Non-religious students practice introspection, soul searching
Worshiping a god or deity doesn’t speak to many Central Michigan University students.
Although religion plays a large role in cultures and individuals’ lives worldwide, some CMU students have trouble finding themselves spiritually aligned with a particular belief, or they might believe evolution debunks the possibility of gods or deities.
Junior Ashley Felman was raised by a Catholic mother and Jewish father, but found as she grew up, her parents’ beliefs have not necessarily connected with her own.
“There are so many more outside factors that have changed my perspective,” the DeWitt native said. “I can’t fully live my life the way I want by following the rules or guidelines of religion.”
Felman said she finds a lot of religions to be rigid and doesn’t agree with some of the older and outdated concepts some religions might have.
“Society is changing everyday, and culture changes with it,” Felman said. “The Bible, for example, was written so many years ago, and I can’t live my life abiding by it because I feel like I would be missing out on so many opportunities.”
Philosophy and religion assistant professor Todd Tremlin said an interesting phenomenon in recent generations is a shift to defining oneself as “spiritual” rather than “religious.”
“In our rapidly changing world, many young people find it difficult to relate to traditional religions,” Tremlin said.
Battle Creek senior Cory Kinne said he was raised by his parents following Methodist beliefs, but he transitioned to atheism relatively smoothly.
“I was taught by my parents and pastor that the Bible was allegorical, so I think it was pretty easy for me to transition into non-belief,” Kinne said. “The biggest influence which led me to atheism was definitely learning about evolutionary biology in more depth.”
Kinne is the president of the Dogma-Free Society on campus, a registered student organization made up of mainly atheists and agnostics. Kinne said the group is open to all beliefs and does not have a defined ideology or practice.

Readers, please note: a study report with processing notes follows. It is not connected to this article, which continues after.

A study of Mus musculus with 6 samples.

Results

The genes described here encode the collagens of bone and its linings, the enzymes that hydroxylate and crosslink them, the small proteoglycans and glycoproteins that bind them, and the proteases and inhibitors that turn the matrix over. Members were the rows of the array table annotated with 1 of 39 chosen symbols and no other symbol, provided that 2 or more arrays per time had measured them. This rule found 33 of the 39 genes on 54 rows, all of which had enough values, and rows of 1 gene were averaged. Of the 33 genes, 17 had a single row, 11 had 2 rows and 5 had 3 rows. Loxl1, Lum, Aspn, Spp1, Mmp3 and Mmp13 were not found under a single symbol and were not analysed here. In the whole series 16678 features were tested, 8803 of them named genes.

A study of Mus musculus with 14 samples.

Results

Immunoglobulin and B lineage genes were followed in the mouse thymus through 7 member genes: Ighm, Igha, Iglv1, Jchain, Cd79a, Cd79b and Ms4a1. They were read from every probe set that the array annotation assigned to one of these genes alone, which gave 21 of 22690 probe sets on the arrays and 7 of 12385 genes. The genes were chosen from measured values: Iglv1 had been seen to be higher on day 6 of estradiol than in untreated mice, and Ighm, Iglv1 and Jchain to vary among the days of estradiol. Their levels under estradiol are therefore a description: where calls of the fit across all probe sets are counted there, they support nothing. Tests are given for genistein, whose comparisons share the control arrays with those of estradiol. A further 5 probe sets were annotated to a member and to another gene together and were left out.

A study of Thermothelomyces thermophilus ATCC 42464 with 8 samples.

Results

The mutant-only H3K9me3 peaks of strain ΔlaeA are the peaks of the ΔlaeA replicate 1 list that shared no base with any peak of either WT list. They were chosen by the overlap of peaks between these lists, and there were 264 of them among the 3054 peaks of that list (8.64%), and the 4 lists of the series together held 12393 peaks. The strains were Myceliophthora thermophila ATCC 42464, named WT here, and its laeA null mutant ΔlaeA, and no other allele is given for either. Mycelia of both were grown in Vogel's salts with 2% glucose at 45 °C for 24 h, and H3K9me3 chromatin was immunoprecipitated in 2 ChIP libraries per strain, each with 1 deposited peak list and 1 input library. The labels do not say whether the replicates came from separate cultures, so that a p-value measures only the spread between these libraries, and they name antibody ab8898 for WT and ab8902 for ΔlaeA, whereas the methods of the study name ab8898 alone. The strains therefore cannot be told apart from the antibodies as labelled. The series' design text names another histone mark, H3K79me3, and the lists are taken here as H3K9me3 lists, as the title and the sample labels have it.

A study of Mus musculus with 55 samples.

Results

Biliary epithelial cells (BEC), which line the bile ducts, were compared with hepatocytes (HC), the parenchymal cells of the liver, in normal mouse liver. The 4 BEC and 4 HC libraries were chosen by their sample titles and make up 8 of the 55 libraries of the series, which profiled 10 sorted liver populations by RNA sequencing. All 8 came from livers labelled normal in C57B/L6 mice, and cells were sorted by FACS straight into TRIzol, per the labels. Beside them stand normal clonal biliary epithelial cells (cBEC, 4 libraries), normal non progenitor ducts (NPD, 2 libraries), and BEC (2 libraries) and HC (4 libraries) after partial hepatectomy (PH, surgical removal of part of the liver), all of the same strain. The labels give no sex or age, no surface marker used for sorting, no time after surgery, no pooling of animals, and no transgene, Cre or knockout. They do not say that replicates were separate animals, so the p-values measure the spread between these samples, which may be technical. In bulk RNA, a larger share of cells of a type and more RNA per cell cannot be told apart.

“What I think people should know about how I feel toward religion is that I don’t hate their religion, and I don’t hate them,” Kinne said. “Do I believe their religion is false? Yes. But that doesn’t mean I don’t like them or think that their belief is dangerous.”
Fowlerville junior Chelsea Shreve is also a part of the Dogma-Free Society. Shreve was raised in Livingston County, one of the most conservative counties in Michigan, and she said she was reluctant to be open about her nonreligious thoughts since she had no one to talk to.
“I was raised Lutheran, but after some of my own exploring, I realized that I saw some inconsistency, and it didn’t make sense,” Shreve said.
While some students are still searching for their beliefs, many have trouble expressing their doubt or uncertainty to religious families.
Auburn Hills sophomore Christopher Searle said he is neutral on religion, which isn’t necessarily easy to express around his grandmother, who used to be a nun.
Searle said he was raised Catholic, but over time, he realized he couldn’t commit to one religion because he believes that anything is possible.
“I don’t want to shut out possible things that could be the truth,” Searle said. “I feel as if I don’t want to cancel things out. I have an agnostic feeling toward religion.”
Charlotte senior Anna Sloan said she was never brought up in a religious setting, and the only real exploration she has had was in a religion course, which opened her eyes to all the world’s different religions.
“It was interesting to learn about more than just Christianity, but I still have never been able to really wrap my head around religion,” Sloan said. “I’ve seen people who can spend their whole day praying, and I think that is really awesome, but just not for me. I think there are a lot more facts that support evolution-based creation.”
Sloan said she isn’t ruling out the religion and isn’t opposed to a more in-depth development of her beliefs.
“I feel like I’m still growing, and maybe when I’m older and my life has changed, I will find a religion that I can relate to,” she said.